Out of the Darkness Walk raises suicide awareness on campus


by Yelin Jung

More than 300 students and community members participated in the Out of the Darkness Walk held by the American Foundation for Suicide Prevention to raise suicide awareness and funds on April 9 on McKeldin Mall.

CJ Pendleton, a senior kinesiology major, decided to bring this event to campus because of his own personal struggles with depression and suicidal thoughts in the past.

“I wanted to [help] those who are like me and are going through depression and suicidal tendencies,” Pendleton said.

This annual event is the largest suicide prevention walk among college campuses in the country,  senior finance major and walk coordinator Jared Kovach said.

“The first goal is to raise awareness on campus to the issue of suicide hopefully to create that loving and supporting environment,” he said. “The second goal is to raise the money for suicidal prevention.”

Gina Lerner, a senior at University of Maryland, passes out beads to walkers. The beads signify why people are walking, each representing a different loss or difficulty one might be going through. (Photo by Lauren Anikis)

Three speakers opened the Out of the Darkness Walk. One of them, Wanda Gryszkiewicz— who started joining the walk after the suicide of her 21-year-old son, Mitchell Gryszkewicz — said about importance of making the open environment to seek help.

“People struggle and don’t ask for help, but please figure out those struggling and please ask someone for help,” she said. “Your mom, your best friend, whoever.”

Knowing about warning signs of suicide and getting rid of stigma toward mental health are significant to make a warm place, Kovach said. The supporting environment leads people to share their struggles and to feel they are not alone, he said.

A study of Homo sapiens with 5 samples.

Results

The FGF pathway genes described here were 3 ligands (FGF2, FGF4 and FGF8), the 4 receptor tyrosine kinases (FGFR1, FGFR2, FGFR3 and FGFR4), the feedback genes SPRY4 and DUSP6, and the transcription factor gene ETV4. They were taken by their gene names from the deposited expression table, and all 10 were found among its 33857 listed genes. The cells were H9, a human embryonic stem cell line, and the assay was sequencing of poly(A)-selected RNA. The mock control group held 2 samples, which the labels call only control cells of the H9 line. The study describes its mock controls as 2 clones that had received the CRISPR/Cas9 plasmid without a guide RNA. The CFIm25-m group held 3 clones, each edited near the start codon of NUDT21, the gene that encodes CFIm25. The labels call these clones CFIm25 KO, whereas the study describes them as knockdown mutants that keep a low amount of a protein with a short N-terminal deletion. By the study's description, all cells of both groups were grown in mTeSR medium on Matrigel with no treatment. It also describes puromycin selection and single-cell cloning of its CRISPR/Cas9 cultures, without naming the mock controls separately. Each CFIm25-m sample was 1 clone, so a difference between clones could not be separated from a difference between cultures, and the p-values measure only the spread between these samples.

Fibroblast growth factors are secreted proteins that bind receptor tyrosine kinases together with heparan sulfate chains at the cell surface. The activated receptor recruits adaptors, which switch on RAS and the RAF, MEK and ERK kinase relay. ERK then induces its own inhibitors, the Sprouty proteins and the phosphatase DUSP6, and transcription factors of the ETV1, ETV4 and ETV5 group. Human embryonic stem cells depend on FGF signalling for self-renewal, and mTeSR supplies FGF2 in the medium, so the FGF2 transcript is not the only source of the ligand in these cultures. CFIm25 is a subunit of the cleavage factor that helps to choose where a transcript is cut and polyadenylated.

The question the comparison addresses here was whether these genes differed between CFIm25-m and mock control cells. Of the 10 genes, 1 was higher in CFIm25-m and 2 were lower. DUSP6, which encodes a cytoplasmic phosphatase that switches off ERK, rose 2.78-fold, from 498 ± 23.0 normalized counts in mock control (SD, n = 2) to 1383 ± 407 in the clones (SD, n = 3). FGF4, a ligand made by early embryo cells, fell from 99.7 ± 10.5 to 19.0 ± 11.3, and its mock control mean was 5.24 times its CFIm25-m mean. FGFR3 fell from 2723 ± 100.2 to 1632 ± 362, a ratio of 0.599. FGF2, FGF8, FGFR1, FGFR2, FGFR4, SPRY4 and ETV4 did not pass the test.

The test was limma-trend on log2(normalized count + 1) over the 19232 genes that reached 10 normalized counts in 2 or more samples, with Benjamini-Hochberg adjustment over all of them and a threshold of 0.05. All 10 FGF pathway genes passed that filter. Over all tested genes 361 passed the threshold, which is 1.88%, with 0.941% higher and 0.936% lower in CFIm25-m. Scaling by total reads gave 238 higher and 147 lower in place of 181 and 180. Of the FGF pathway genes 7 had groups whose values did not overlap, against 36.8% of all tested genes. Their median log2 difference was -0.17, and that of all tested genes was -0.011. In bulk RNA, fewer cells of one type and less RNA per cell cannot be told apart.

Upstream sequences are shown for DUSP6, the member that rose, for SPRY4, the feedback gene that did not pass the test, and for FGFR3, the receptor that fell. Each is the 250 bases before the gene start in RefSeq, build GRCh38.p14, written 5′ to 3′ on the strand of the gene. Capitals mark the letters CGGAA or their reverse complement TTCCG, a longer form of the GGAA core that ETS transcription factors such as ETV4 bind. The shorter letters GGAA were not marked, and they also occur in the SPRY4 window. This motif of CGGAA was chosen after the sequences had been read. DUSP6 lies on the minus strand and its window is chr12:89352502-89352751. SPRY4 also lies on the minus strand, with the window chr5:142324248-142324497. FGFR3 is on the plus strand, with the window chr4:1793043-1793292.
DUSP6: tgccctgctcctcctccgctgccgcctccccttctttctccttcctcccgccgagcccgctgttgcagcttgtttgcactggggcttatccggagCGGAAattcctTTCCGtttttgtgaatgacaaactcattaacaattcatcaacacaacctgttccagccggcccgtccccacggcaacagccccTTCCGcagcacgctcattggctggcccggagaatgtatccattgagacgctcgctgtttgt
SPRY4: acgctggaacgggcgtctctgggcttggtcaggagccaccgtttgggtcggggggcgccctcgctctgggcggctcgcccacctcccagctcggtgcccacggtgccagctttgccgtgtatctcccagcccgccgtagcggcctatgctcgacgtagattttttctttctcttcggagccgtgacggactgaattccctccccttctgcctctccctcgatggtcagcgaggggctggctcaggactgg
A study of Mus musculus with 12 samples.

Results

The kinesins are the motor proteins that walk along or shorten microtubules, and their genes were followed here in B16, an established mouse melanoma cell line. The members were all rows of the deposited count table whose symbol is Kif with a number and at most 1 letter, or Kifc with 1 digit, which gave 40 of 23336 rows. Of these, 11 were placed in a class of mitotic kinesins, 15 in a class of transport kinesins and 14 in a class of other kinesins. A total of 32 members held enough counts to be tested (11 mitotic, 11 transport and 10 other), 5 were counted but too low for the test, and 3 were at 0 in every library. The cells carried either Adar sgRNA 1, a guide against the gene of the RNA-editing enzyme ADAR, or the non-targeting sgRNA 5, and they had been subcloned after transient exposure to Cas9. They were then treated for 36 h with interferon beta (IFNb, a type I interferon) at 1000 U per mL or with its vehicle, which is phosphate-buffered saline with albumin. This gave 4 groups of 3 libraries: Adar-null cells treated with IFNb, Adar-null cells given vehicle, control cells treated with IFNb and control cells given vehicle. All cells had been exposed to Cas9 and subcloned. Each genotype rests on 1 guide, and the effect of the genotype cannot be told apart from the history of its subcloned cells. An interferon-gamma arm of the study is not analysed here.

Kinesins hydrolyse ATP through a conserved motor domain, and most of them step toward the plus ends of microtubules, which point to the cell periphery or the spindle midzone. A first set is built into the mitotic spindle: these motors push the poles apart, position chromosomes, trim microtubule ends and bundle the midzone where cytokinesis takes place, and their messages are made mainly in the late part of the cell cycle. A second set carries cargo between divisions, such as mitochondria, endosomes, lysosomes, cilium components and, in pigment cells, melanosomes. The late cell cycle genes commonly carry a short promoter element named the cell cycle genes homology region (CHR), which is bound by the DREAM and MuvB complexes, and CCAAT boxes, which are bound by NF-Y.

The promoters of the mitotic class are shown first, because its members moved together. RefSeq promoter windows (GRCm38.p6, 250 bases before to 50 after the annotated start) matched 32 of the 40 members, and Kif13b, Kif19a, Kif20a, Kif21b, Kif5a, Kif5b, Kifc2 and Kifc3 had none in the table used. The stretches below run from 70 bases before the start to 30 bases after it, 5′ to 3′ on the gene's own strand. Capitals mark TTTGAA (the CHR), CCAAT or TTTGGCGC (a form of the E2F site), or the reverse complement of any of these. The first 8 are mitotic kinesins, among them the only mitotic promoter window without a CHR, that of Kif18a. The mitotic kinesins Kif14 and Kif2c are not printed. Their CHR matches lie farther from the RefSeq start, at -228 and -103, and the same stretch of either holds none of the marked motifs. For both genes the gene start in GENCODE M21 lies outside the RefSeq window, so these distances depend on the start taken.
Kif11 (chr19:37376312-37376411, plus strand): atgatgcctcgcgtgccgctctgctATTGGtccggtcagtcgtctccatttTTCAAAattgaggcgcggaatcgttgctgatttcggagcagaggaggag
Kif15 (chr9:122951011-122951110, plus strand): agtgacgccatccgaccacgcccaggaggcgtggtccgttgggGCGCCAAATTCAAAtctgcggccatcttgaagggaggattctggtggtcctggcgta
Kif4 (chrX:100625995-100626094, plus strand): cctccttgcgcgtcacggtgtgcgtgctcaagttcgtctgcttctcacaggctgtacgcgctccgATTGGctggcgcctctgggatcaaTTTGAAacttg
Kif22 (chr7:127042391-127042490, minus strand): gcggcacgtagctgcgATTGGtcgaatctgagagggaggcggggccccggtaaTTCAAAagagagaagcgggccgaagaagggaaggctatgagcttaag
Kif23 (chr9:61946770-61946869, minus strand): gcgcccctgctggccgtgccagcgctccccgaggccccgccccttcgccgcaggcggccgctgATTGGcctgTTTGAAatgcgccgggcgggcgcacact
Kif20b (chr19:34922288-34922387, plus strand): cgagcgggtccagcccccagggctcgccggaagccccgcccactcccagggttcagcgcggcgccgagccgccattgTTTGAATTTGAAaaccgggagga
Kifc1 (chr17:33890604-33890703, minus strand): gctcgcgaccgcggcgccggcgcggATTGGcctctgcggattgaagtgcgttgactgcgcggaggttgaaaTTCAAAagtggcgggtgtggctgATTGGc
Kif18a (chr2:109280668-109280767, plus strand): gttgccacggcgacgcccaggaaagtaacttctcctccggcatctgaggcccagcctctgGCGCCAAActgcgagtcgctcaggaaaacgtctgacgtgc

“Our hope is that awareness will make people feel or let people feel comfortable with sharing their story with loved ones and then receive [unconditional] support from them,” Kovach said.

Suicide is the third leading cause of death for young adults aged 15 to 24, and the first leading cause of death for 10 to 14 years old, AFSP’s Area Director Kat Olbrich said. In 2015, the suicide rate of adolescents and young adults aged 15 to 24 is 12.5 per 100,000 individuals, according to AFSP.

“College can be a very lonely place,” senior marketing and psychology major Jacob Katinsky said. “[It’s the] first time a lot of people are away from home.”

This year, this university raised $26,757 of its $30,000 goal by 293 donors, but AFSP will continue to accept donations until June 30. AFSP uses the funds to “invest in new research, create educational programs, advocate for public policy, and support survivors of suicide loss,” according to its website.

“50 percent of the funds raised today stay here at Maryland and 50 percent go to our national office,” Olbrich said. “83 cents of every dollar donated goes to suicidal prevention.”

Participants walked around the campus for about 20 minutes. After walking, refreshments were served, and there was an a capella performance by Pandemonium.

“It was nice to walk with friends,” junior journalism major Ilana Bernstein said. “I think it’s really important for people to talk about [suicide] and be aware of it.”

Walkers pass the Administration building. (Photo by Lauren Anikis)

Next year, the Out of the Darkness Walk aims to continue to raise money and diversify programs, Kovach said.

 The event was co-sponsored by Maryland Active Minds, Lambda Chi, the Help Center, this university’s Counseling Center, Alpha Chi Omega and HEALTH Works.

“In the news, we hear a lot of bad things going on in the world, and this is a great way of just showing a little light of that there is good in the world,” Pendleton said. “Hopefully we can inspire other schools to do it as well.”